If you've just stumbled onto this blog, please forgive the appearance; it's still under construction. If I've used one of your photos (found on Google) in a lecture and you don't approve, please write a comment and I'll remove it.

The purpose of this blog is to explain the basics of art and culture to English language learners in secondary school in Slovakia. This is not for profit. If you look to your right, you'll see a long list of topics that I plan to cover. This is a large project that will most likely take years to complete, covering some topics I know little about (like dance), so I will be borrowing heavily from other experts, with their permission, giving credit wherever possible. Please be patient, and, of course, all advice is greatly appreciated.

Tuesday, November 19, 2013

Kinds of Theatres/Venues

Amphitheatre in Epidauros, Greece, built in 350 BC

An Amphitheatre: This is an open-air theatre, or arena, used for plays, concerts, and sports. It was first designed by the ancient Greeks.

A Black Box/Experimental Theatre: a simple, modern theatre with no real stage or podium.

Community/Regional/Amateur theatre: a local theater with productions made by and for a community, or town. There was a Little Theatre Movement in America in the 20th century, promoting these productions.

Dinner Theatre: These are restaurants that provide a live theatre performance, often musical, while you eat. If you like singing, and don’t like small talk while you eat, you might like it.

A Repertory Theatre/Company: This is a company that has a repertoire, or list, of plays ready to perform any time. They rehearse and perform every week. They might change their repertoire over time, depending on what’s popular.

The Mischief Makers of Nottingham, England

Street Theatre: This is any outdoor production, where the audience doesn’t pay. It can be in a park, a car park, a shopping center, or a street corner. Since there are usually no speakers, performers focus more on dance, slapstick humour, and mime.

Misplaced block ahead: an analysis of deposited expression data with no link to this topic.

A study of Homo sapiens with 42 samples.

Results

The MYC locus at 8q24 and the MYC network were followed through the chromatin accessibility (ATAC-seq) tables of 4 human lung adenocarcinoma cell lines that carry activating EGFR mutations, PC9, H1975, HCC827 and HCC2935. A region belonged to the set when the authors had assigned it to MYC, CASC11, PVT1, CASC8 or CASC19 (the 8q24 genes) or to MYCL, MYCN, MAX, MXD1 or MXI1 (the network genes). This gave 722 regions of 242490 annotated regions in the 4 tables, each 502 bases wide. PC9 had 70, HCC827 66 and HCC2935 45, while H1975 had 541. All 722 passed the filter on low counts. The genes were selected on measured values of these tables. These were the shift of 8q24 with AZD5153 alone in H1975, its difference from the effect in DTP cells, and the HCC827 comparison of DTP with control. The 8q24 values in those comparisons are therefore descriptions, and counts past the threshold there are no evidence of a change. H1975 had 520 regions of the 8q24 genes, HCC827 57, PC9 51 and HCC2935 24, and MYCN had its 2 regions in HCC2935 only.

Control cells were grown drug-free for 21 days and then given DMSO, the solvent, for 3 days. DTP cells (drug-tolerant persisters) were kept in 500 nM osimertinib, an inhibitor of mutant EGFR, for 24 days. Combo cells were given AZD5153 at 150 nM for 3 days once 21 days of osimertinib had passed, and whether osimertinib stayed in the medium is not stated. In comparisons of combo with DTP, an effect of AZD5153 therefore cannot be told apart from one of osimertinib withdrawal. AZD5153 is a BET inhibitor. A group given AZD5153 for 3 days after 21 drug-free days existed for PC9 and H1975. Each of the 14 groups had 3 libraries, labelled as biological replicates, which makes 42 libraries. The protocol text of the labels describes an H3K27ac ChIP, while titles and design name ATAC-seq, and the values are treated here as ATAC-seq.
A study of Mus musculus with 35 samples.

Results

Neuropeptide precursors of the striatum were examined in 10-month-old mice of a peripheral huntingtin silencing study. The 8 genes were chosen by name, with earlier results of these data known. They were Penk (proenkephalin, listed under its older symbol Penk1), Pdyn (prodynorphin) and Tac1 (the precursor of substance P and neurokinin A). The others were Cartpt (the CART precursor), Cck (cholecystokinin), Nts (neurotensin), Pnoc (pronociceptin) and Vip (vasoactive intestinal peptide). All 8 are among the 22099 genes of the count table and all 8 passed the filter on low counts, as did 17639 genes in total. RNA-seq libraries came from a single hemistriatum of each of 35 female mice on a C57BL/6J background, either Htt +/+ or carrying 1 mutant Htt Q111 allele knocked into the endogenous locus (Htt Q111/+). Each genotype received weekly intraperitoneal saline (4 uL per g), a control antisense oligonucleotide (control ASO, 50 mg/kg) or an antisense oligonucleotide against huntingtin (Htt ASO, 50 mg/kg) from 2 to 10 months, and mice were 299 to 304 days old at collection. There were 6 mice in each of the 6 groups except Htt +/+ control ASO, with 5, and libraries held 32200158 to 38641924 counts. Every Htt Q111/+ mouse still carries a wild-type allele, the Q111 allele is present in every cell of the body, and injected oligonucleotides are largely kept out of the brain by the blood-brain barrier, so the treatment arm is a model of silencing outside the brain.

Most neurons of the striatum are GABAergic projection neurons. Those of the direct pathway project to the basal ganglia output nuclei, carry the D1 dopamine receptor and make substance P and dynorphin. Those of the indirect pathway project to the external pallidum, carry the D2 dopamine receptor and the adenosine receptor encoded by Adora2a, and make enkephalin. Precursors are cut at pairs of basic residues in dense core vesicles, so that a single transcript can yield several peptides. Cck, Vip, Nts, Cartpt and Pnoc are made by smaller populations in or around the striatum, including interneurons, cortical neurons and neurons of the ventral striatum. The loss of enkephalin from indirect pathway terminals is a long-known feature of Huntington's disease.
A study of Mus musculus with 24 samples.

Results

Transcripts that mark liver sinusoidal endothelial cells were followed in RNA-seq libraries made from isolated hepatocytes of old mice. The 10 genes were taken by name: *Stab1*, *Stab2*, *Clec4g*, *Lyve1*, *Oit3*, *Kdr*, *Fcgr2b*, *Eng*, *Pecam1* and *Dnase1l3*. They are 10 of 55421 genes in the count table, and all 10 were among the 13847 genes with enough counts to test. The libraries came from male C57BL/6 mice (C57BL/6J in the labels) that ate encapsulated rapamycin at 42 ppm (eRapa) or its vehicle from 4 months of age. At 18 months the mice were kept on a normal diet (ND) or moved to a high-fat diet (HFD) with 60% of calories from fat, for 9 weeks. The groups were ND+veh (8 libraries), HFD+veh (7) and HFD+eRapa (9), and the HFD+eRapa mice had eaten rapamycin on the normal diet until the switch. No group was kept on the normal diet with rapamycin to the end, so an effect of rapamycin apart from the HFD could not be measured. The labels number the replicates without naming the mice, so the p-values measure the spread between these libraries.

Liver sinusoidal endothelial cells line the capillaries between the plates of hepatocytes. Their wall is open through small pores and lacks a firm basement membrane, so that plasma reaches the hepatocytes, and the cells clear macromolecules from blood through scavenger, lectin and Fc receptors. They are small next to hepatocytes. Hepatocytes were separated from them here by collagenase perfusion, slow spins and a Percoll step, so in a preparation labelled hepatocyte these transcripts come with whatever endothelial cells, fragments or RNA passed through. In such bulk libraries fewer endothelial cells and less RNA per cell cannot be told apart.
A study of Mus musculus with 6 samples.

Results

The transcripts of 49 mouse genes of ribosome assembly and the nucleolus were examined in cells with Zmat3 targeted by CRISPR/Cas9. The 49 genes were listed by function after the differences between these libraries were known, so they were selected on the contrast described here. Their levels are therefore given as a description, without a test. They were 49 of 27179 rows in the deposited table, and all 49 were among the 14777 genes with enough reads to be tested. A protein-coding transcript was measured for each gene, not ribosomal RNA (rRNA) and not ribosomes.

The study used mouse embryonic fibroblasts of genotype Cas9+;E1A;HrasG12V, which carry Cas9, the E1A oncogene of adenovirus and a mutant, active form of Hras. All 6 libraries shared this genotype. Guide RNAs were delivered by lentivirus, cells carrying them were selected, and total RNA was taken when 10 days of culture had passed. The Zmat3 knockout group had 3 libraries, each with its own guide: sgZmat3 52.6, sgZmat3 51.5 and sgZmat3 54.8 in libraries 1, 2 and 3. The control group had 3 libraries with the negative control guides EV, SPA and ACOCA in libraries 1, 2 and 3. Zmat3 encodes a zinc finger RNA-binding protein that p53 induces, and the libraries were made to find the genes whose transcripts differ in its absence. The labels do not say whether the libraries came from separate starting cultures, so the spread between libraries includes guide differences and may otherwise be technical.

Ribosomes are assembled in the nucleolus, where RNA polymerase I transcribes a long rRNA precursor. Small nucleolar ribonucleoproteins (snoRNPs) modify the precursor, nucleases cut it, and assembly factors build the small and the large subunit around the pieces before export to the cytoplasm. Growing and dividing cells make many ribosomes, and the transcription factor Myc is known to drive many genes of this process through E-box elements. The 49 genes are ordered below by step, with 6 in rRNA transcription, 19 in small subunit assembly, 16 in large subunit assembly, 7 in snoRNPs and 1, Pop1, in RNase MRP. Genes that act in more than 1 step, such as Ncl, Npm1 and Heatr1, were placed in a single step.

Summer Stock Theatre: These are theatres that only run shows in the summer.

A Theatrette: a small simple theatre in a larger theatre complex, or school, like one movie screen in a multiplex. They often have a movie screen, and can double as a lecture hall.

A Touring Company: is a traveling theatre company that tours different cities and countries.


In the UK:

The Royal Shakespeare Theatre, in Stratford-upon-Avon, seats 1040.

Shakespeare’s Globe Theatre in Southwark, London, “seats” 3000 – many have to stand.

The Royal Albert Hall in London seats 5544. I think they only play concerts?

The Royal National Theatre in London seats 1160.

The Royal Opera House in London seats 2256.

The Edinburgh Festival Theatre seats 1915.

In the USA:

Lincoln Center in NYC consists of 29 different indoor and outdoor theatres, and two main buildings – the Metropolitan Opera House (seats 3900), and Avery Fisher Hall (seats 2738, and home to the New York Philharmonic).

Carnegie Hall in NYC has three auditoriums with 3671 seats total.

The JFK Center in Washington DC has a concert hall, opera house, and theatre with a total of 5,863 seats.

The Saratoga Performing Arts Center in Upstate New York seats 5100.

The FOX Theatre in Detroit Michigan, originally a movie palace, seats 5048.

The Grand Ole Opry House in Nashville Tennessee seats 4372.